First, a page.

Celebrate freedom — and stay injury-freeJuly 4, 2015
You can count on three things every July 4th: freedom, fireworks … and injuries.
Each year, according to the Consumer Products Safety Commission, “230 people on average go the emergency room every day with fireworks-related injuries in the month around the July 4th holiday.”
The most injured body parts were hands and fingers, with eyes, faces and ears coming in second. More than 50 percent of the injuries were burns.
It’s bad enough when an adult gets hurt, but each year many children are seriously injured, too — and not just from fireworks. Sparklers, used by many as a “safe” alternative, burn at a temperature of about 2,000 degrees — as hot as a blowtorch, and hot enough to burn certain metals.
This year, take precautions to ensure that your Fourth of July celebration is injury free by following a few tips from the CPSC. When you’re done with the list, click on the poster below for some more tips, facts and figures about fireworks:
- Make sure fireworks are legal in your area before buying or using them. In Pennsylvania, “”The only fireworks permitted for the public’s use are sparklers and devices containing extremely small amounts of powder, no more than in a toy-pistol cap,” according to the State Police.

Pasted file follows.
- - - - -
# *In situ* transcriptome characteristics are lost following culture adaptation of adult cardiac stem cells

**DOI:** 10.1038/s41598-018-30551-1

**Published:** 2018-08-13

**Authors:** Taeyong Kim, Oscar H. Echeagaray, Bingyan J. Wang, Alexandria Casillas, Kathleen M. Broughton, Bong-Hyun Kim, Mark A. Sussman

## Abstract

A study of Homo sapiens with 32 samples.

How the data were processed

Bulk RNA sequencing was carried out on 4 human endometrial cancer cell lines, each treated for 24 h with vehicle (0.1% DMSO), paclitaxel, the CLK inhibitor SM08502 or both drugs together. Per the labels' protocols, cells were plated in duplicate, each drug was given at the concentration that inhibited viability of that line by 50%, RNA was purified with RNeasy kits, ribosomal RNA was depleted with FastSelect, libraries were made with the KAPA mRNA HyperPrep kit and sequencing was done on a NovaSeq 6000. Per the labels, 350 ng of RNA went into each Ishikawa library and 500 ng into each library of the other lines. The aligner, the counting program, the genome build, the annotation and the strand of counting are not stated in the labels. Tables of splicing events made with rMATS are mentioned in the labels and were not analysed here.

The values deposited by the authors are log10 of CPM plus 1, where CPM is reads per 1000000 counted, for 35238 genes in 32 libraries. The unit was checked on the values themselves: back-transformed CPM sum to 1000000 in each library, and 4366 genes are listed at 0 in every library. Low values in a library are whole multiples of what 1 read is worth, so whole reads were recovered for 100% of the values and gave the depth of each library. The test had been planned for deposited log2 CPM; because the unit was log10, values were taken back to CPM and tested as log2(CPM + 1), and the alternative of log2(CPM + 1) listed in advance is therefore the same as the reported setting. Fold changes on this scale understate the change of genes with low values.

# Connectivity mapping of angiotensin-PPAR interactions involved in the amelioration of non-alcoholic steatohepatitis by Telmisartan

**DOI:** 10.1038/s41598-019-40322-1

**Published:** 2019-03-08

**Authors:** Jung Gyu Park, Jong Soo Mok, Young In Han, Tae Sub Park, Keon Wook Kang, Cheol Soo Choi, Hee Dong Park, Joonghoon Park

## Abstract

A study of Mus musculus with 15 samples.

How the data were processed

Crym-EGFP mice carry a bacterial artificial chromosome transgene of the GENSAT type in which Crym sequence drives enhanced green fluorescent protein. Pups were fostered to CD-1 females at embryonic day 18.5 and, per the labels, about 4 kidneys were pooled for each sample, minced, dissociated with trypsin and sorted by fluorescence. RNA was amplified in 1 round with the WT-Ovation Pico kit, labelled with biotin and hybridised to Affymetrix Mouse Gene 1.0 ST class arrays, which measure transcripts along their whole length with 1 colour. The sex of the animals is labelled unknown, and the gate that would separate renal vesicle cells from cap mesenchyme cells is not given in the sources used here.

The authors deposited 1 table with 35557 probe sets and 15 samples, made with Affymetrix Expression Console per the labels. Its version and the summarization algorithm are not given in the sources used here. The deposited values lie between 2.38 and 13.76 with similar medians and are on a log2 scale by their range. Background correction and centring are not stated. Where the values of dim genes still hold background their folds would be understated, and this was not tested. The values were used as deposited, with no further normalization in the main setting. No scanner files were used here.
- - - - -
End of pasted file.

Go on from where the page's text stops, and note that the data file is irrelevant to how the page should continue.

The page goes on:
- Never allow young children to play with or ignite fireworks.
- Avoid buying fireworks that are packaged in brown paper because this is often a sign that the fireworks were made for professional displays and that they could pose a danger to consumers.
- Always have an adult supervise fireworks activities. Parents don’t realize that young children suffer injuries from sparklers. Sparklers burn at temperatures of about 2,000 degrees – hot enough to melt some metals.
- Never place any part of your body directly over a fireworks device when lighting the fuse. Back up to a safe distance immediately after lighting fireworks.
- Never try to re-light or pick up fireworks that have not ignited fully.
- Never point or throw fireworks at another person.
- Keep a bucket of water or a garden hose handy in case of fire or other mishap.
- Light fireworks one at a time, then move back quickly.
- Never carry fireworks in a pocket or shoot them off in metal or glass containers.
- After fireworks complete their burning, douse the spent device with plenty of water from a bucket or hose before discarding it to prevent a trash fire.
We at Lehigh County Water Authority wish you a safe, fun-filled Fourth of July holiday!